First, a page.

A New Horizon

The country is calling me, the hinterland of Australia, this ancient land, where rocky foundations were laid 370 million years ago, and ancient seas raged around western Victoria a mere 40 million years ago, creating inland deserts and lakes and small pockets of green. Lands that were once steeped in another culture and language, before colonial farmers denuded the plains, believing that the rain would follow the plough, and sometimes it did: where the old knowledge of birds, animals and land, the indigenous Dreamtime, powerful and evocative, can be felt, the song lines understood. These are the lands I now must visit, my new horizons are the most ancient of all.

38 thoughts on “A New Horizon”

        1. Australian cities are huge and sprawling. Melbourne’s population is 4.4 million and Sydney’s is 4.8 million. Most of teh residents of Australia have very little contact with the country, have never seen a kangaroo in the wild, and don’t have much interest in the hinterland, being more attracted to the coast.


                1. That’s true, only around 55 kms. Unlike most rural places close to the city, we live in a green wedge zone, declared in 1994, which separates this area from urban growth corridors. Land cannot be subdivided here and there are a variety of other controls, such as tree removal. This is why we have mobs of kangaroos passing through. It is a rare thing for such a relatively pristine bush wedge to be so close to a city.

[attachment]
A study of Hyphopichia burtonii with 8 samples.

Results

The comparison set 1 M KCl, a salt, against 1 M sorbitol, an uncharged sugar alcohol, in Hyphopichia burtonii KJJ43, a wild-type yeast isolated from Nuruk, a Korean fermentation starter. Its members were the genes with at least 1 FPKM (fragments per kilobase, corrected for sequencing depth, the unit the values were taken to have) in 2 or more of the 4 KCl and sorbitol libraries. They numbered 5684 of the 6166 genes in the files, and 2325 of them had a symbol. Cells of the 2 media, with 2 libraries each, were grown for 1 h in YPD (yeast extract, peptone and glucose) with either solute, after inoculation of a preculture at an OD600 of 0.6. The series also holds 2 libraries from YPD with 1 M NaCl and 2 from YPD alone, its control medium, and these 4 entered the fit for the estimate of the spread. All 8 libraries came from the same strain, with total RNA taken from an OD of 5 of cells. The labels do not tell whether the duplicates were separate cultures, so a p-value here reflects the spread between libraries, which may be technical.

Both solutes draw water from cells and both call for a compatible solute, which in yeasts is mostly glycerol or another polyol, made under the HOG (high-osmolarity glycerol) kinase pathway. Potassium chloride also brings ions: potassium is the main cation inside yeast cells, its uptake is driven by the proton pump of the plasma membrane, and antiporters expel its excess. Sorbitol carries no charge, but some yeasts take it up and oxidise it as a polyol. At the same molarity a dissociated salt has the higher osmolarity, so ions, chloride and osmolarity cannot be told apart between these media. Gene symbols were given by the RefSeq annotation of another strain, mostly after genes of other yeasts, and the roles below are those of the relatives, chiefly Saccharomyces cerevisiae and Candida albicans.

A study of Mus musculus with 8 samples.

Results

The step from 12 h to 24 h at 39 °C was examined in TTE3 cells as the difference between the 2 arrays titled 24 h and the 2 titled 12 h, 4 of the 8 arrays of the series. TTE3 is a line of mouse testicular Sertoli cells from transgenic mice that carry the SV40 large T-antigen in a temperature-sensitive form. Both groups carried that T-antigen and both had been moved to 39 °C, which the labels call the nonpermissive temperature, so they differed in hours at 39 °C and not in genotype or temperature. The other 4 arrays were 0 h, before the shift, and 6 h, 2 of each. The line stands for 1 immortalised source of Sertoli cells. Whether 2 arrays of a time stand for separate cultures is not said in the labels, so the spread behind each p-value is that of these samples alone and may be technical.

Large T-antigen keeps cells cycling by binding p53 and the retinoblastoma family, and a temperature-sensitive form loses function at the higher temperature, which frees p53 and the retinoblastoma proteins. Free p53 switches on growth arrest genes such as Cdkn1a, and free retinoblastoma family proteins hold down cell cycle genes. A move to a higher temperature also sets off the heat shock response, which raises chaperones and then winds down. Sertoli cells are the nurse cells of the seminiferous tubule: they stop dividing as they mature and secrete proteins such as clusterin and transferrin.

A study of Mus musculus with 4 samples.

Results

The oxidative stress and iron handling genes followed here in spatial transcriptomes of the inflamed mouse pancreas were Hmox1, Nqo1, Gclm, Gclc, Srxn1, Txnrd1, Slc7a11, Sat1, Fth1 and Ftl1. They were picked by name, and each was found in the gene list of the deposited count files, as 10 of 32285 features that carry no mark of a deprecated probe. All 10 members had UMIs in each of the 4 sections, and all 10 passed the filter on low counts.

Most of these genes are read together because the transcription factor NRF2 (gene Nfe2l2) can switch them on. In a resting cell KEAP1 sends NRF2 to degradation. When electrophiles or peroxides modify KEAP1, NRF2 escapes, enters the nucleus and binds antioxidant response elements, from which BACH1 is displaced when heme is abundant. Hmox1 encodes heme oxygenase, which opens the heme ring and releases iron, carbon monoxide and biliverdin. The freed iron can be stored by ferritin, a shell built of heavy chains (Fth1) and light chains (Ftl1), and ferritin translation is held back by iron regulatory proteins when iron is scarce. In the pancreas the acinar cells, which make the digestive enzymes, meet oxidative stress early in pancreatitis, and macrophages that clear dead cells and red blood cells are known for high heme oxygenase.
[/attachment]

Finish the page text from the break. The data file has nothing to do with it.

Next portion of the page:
1. You have to learn the art of ignoring hoopla Ardys. Meditate through it all. My son and daughter in law are profoundly deaf and they love christmas shopping. They wander through and only ‘hear’ each other:





  4. Yours is such a beautiful country, Francesca, and your photos stunning. How ever did you winnow down the many and select these few to share? I would have gotten lost in thought very early on in the process. I do hope you will be able to again visit your much-loved “new horizons”.